Overview of attention for article published in Frontiers in Zoology, April 2013

  • In the top 25% of all research outputs scored by Altmetric
  • Good Attention Score compared to outputs of the same age (77th percentile)
  • Good Attention Score compared to outputs of the same age and source (70th percentile)

Mentioned by

twitter
10 tweeters

Citations

dimensions_citation
12 Dimensions

Readers on

mendeley
24 Mendeley
‘Monster… -omics’: on segmentation, re-segmentation, and vertebrae formation in amphibians and other vertebrates
Published in
Frontiers in Zoology, April 2013
DOI 10.1186/1742-9994-10-17
Pubmed ID
Authors

David Buckley, Viktor Molnár, Gábor Németh, Örs Petneházy, Judit Vörös

Abstract

The axial skeleton is one of the defining evolutionary landmarks of vertebrates. How this structure develops and how it has evolved in the different vertebrate lineages is, however, a matter of debate. Vertebrae and vertebral structures are derived from the embryonic somites, although the mechanisms of development are different between lineages.

Twitter Demographics

The data shown below were collected from the profiles of 10 tweeters who shared this research output. Click here to find out more about how the information was compiled.

Mendeley readers

The data shown below were compiled from readership statistics for 24 Mendeley readers of this research output. Click here to see the associated Mendeley record.

Geographical breakdown

Country Count As %
United States 1 4%
Unknown 23 96%

Demographic breakdown

Readers by professional status Count As %
Student > Ph. D. Student 6 25%
Researcher 6 25%
Student > Bachelor 4 17%
Professor > Associate Professor 3 13%
Professor 1 4%
Other 1 4%
Unknown 3 13%
Readers by discipline Count As %
Agricultural and Biological Sciences 15 63%
Biochemistry, Genetics and Molecular Biology 2 8%
Arts and Humanities 1 4%
Earth and Planetary Sciences 1 4%
Medicine and Dentistry 1 4%
Other 1 4%
Unknown 3 13%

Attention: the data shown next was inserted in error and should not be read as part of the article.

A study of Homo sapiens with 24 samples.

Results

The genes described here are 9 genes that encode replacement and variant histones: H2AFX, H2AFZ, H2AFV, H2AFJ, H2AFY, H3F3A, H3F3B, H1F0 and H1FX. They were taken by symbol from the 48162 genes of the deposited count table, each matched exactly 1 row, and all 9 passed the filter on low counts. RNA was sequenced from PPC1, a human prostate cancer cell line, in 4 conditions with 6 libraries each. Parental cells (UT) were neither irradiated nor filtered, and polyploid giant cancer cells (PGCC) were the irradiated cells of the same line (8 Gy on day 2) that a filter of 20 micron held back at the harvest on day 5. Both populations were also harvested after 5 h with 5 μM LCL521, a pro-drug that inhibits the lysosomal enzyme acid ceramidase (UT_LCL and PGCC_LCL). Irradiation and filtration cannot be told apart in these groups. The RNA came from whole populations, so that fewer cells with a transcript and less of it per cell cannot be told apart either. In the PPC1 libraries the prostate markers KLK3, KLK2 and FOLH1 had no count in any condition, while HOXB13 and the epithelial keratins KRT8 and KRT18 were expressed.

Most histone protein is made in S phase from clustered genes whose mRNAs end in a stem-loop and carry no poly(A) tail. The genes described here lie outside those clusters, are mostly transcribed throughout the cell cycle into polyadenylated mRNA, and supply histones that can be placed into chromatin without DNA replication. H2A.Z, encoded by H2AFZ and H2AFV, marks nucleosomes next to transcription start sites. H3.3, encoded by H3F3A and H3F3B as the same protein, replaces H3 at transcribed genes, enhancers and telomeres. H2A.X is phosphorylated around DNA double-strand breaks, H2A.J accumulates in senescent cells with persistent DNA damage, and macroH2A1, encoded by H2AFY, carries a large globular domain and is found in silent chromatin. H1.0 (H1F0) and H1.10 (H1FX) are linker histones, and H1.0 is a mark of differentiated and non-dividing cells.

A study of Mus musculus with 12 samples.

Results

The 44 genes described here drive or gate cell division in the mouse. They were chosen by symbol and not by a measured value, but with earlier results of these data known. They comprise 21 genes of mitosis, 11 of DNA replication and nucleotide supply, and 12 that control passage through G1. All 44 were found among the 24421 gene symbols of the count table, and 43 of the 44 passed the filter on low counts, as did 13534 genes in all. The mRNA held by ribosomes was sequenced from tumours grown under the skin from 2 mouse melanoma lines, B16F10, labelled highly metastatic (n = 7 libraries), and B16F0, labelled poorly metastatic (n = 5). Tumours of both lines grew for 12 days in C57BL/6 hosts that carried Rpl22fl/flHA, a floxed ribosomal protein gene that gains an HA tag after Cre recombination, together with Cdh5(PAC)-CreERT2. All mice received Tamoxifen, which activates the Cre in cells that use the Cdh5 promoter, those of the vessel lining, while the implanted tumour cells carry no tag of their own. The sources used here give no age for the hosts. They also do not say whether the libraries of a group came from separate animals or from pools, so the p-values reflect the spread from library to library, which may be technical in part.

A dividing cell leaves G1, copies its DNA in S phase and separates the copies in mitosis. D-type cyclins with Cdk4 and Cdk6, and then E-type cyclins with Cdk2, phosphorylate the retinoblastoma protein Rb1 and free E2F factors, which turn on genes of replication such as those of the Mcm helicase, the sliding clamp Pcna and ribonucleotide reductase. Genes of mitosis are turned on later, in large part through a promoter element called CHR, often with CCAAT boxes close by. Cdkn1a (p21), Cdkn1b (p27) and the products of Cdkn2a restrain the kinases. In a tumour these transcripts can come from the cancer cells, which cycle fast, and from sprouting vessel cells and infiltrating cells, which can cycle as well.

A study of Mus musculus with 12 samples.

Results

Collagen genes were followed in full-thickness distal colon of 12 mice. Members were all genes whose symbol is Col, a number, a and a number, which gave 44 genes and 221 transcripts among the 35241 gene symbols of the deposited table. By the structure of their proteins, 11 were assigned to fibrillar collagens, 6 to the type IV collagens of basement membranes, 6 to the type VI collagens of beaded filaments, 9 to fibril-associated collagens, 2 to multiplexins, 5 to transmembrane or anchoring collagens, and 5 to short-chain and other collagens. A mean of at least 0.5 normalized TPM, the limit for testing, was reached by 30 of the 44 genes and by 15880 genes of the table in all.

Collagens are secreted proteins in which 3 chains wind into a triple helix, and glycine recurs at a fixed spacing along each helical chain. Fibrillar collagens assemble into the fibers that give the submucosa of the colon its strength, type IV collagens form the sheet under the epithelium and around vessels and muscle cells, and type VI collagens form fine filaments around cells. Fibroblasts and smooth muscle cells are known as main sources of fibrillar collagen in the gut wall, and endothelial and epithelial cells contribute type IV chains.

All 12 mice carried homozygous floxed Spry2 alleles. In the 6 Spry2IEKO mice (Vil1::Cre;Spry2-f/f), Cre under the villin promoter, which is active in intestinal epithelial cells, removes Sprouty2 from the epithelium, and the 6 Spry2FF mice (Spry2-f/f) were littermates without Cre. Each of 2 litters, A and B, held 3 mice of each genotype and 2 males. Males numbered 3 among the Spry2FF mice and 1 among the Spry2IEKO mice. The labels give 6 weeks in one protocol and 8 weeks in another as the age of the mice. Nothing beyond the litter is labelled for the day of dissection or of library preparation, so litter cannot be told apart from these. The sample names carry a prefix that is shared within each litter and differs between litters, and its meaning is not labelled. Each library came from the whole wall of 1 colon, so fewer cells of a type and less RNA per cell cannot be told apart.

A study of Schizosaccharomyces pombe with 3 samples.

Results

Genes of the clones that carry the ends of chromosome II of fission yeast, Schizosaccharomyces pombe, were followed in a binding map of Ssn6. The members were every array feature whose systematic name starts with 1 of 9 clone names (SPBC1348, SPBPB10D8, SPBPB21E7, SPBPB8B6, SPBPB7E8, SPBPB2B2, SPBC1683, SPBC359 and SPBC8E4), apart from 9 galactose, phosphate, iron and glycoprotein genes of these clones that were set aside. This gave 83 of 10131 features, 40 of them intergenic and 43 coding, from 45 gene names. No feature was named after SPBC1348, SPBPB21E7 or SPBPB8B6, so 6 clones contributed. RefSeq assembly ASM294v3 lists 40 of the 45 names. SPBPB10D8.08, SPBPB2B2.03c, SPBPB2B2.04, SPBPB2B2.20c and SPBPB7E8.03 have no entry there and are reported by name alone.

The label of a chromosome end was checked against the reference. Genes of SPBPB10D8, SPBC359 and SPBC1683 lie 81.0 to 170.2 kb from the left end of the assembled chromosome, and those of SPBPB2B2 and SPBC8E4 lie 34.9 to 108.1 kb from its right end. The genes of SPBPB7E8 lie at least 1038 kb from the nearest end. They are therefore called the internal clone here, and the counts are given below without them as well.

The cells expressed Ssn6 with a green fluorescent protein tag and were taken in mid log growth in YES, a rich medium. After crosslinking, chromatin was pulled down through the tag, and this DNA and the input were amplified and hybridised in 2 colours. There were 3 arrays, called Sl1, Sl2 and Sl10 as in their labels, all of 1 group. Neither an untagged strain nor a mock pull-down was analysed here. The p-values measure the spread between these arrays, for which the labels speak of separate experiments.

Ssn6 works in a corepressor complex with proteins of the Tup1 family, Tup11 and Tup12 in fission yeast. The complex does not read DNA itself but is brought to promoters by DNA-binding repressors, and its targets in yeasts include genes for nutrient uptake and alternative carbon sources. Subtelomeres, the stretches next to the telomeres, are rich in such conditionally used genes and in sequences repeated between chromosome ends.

Attention Score in Context

This research output has an Altmetric Attention Score of 6. This is our high-level measure of the quality and quantity of online attention that it has received. This Attention Score, as well as the ranking and number of research outputs shown below, was calculated when the research output was last mentioned on 22 November 2019.
All research outputs
#3,957,972
of 16,254,253 outputs
Outputs from Frontiers in Zoology
#230
of 542 outputs
Outputs of similar age
#35,166
of 155,940 outputs
Outputs of similar age from Frontiers in Zoology
#3
of 10 outputs
Altmetric has tracked 16,254,253 research outputs across all sources so far. Compared to these this one has done well and is in the 75th percentile: it's in the top 25% of all research outputs ever tracked by Altmetric.
So far Altmetric has tracked 542 research outputs from this source. They typically receive a lot more attention than average, with a mean Attention Score of 21.0. This one has gotten more attention than average, scoring higher than 57% of its peers.
Older research outputs will score higher simply because they've had more time to accumulate mentions. To account for age we can compare this Altmetric Attention Score to the 155,940 tracked outputs that were published within six weeks on either side of this one in any source. This one has done well, scoring higher than 77% of its contemporaries.
We're also able to compare this research output to 10 others from the same source and published within six weeks on either side of this one. This one has scored higher than 7 of them.